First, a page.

If you're reading this article, you already have a huge leg up on millions of Americans. Even if you take your knowledge of investments and personal finance for granted, a lack of financial savvy threatens to hold millions of people back for the rest of their lives. And the children in your life could end up among them -- unless you start sharing your money knowledge with them. As this year's Financial Literacy Month comes to a close, it's important to look at how you can make a difference in making today's youths more fit to face the financial problems that abound right now.
The huge effect of financial illiteracy
Even among adults, few of us do everything possible to manage our money as well as we could. A quick look at the 2012 Consumer Financial Literacy Survey (link opens PDF file) reveals some alarming facts:
One-third of adults don't pay all their bills on time.
Almost 40% carry credit card balances from month to month, in most cases incurring sizable finance charges.
Fewer than half of adults use a budget, and more than 1 in 5 don't have any firm idea on how much they spend for basic items like food and shelter as well as more discretionary purchases like entertainment.
Most adults learned about personal finance from parents or other family members, yet 80% of survey respondents say they could use outside advice from financial professionals.
That last point illustrates the importance of learning about financial issues as early as possible. Like it or not, children and young adults face financial challenges at early ages, and they need the tools to stand up to those challenges and avoid the pitfalls that so many people fall into.
For instance, figures compiled by Edutopia show that spending by teenagers exceeded $75 billion in 2011, making the segment a key target for retailers and other businesses. More than 1 out of 3 high school seniors has a credit card that they use, and many of those go on to adopt some questionable money management practices in young adulthood. Half of undergraduate students have four or more credit cards, even though a substantial percentage of those don't know how much they pay in interest on their debt. Meanwhile, more than 10% of those ages 18 to 24 have incurred enough debt that it takes more than 40% of their income to pay it off.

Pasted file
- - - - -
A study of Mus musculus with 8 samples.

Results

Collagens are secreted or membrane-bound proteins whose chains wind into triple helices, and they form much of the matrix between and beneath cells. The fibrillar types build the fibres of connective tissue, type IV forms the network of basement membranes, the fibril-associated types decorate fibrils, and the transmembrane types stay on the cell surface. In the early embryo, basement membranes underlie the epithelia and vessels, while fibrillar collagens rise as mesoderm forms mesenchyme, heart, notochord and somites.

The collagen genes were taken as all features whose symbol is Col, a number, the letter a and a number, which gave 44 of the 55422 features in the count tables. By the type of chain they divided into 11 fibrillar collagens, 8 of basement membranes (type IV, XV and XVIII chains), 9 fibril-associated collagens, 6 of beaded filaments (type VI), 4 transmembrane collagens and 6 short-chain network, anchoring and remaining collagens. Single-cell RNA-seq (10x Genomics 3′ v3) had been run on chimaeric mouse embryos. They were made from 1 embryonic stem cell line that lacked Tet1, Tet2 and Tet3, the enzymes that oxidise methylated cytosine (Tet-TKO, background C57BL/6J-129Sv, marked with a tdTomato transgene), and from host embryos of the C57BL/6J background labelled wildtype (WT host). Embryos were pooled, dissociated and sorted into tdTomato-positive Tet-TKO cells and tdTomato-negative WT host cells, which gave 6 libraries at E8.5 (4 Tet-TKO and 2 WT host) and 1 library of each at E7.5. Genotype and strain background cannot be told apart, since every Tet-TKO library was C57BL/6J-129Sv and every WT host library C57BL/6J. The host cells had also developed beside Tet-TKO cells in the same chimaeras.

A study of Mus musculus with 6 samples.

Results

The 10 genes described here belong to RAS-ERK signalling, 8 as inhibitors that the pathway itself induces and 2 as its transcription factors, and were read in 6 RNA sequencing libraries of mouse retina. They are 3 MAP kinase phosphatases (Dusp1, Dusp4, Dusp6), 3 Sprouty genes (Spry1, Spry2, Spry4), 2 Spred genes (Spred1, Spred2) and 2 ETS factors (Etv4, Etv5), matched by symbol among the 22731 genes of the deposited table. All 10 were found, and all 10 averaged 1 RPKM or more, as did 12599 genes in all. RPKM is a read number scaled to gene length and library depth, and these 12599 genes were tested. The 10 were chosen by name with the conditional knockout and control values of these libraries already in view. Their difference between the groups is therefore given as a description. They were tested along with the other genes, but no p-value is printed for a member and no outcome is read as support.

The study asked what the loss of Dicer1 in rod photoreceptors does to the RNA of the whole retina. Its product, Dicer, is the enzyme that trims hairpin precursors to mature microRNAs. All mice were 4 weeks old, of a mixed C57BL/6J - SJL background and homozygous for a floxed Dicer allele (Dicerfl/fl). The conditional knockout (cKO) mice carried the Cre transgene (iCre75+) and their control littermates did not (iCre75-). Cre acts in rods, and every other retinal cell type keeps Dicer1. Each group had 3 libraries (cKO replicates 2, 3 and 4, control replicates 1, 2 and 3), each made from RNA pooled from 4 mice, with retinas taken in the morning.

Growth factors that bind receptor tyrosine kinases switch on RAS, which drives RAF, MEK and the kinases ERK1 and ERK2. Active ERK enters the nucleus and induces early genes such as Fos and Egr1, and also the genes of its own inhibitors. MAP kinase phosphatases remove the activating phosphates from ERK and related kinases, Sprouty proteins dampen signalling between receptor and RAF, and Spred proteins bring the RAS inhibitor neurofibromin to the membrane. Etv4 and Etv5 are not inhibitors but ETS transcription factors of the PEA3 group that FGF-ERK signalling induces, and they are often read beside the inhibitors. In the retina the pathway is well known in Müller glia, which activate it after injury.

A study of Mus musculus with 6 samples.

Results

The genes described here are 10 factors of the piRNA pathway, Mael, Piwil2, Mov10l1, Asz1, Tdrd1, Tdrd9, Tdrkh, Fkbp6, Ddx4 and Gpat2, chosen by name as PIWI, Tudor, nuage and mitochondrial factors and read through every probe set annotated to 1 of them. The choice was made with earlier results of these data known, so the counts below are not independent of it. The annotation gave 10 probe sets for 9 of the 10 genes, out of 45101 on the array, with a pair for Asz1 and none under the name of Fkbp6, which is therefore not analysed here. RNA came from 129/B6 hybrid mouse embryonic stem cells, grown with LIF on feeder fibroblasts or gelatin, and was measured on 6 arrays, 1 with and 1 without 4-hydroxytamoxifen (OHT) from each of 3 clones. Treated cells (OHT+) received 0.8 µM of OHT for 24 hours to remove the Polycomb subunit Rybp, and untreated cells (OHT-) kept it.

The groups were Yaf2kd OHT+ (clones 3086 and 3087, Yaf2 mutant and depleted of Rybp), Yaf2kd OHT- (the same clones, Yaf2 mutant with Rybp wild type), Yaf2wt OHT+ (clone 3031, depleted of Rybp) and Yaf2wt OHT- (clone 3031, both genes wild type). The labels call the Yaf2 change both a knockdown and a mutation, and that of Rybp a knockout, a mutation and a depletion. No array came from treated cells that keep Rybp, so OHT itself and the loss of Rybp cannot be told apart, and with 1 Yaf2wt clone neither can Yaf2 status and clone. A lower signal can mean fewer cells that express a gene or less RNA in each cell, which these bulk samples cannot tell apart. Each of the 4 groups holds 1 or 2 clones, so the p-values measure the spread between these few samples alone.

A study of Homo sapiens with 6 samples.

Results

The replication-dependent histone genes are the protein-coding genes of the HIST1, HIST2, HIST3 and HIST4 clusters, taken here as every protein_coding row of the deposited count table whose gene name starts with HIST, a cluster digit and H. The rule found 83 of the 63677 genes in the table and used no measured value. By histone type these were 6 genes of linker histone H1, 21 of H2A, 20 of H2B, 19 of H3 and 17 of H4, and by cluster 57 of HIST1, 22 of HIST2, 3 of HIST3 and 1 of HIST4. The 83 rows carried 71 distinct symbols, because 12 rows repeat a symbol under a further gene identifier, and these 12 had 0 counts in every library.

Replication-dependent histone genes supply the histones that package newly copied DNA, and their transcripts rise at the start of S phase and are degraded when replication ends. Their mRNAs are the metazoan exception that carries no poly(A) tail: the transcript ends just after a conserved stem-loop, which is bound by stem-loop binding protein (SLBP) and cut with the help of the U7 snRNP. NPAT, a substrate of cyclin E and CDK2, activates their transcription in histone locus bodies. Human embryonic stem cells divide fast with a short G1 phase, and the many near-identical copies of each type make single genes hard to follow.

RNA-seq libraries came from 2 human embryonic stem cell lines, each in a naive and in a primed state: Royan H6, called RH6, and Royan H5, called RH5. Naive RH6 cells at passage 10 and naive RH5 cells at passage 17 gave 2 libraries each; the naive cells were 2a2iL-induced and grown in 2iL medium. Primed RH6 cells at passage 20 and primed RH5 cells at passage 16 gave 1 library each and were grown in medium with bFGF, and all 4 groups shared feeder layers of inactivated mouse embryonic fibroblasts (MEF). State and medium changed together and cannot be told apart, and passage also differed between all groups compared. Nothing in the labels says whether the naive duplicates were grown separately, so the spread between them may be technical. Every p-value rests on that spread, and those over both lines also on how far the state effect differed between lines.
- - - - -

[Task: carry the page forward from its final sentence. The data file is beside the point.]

What you can do
By contrast, teaching about financial literacy early on can make a huge difference. Early lessons about what money is and how the choices we make to save or spend money affect what we can do in the future can give children a solid foundation in putting their financial experiences in context. Later on, details about earning money at a job, understanding advertising, and choosing payment methods become increasingly important as teens move toward greater levels of financial autonomy. And by the time high school students are ready to graduate, knowing about taxes, budgeting, and investing can help them through young adulthood and beyond.
One obstacle is finding skilled teaching professionals. One study showed that fewer than 20% of teachers believe they have the skills to teach personal finance, making it all the more important that children learn about money from other sources. But along with resources from a host of nonprofit organizations, financial firms are doing their part. Wells Fargo's
Skeptics will question the motives of banks that earn a significant portion of their income from charges such as overdraft fees that stem from customers making mistakes with their money. But mortgage-lending banks could have saved billions in losses had their borrowers never gotten themselves over their heads in debt in the first place. Moreover, Schwab and other brokerage companies see greater savings as a win-win scenario for brokers and customers alike, as the broker earns fee income while helping customers buy the investments they need to reach their financial goals.
Don't give up
A long recession and sluggish recovery have made many people bitter and hopeless about money. But it's never too late to provide more knowledge to those who so desperately need it. Supporting financial literacy is the most valuable gift you can give to younger generations, and the effect it will have will last a lifetime.
Tune in every Monday and Wednesday for Dan's columns on retirement, investing, and personal finance. You can follow him on Twitter here.
Fool contributor Dan Caplinger thanks his parents and the University of Chicago for his financial knowledge. He doesn't own shares of the companies mentioned in this article. The Fool owns shares of and has created a covered strangle position in Wells Fargo. Motley Fool newsletter services have recommended buying shares of Wells Fargo and Charles Schwab. Try any of our Foolish newsletter services free for 30 days. We Fools may not all hold the same opinions, but we all believe that considering a diverse range of insights makes us better investors. The Fool's disclosure policy helps you know where you stand.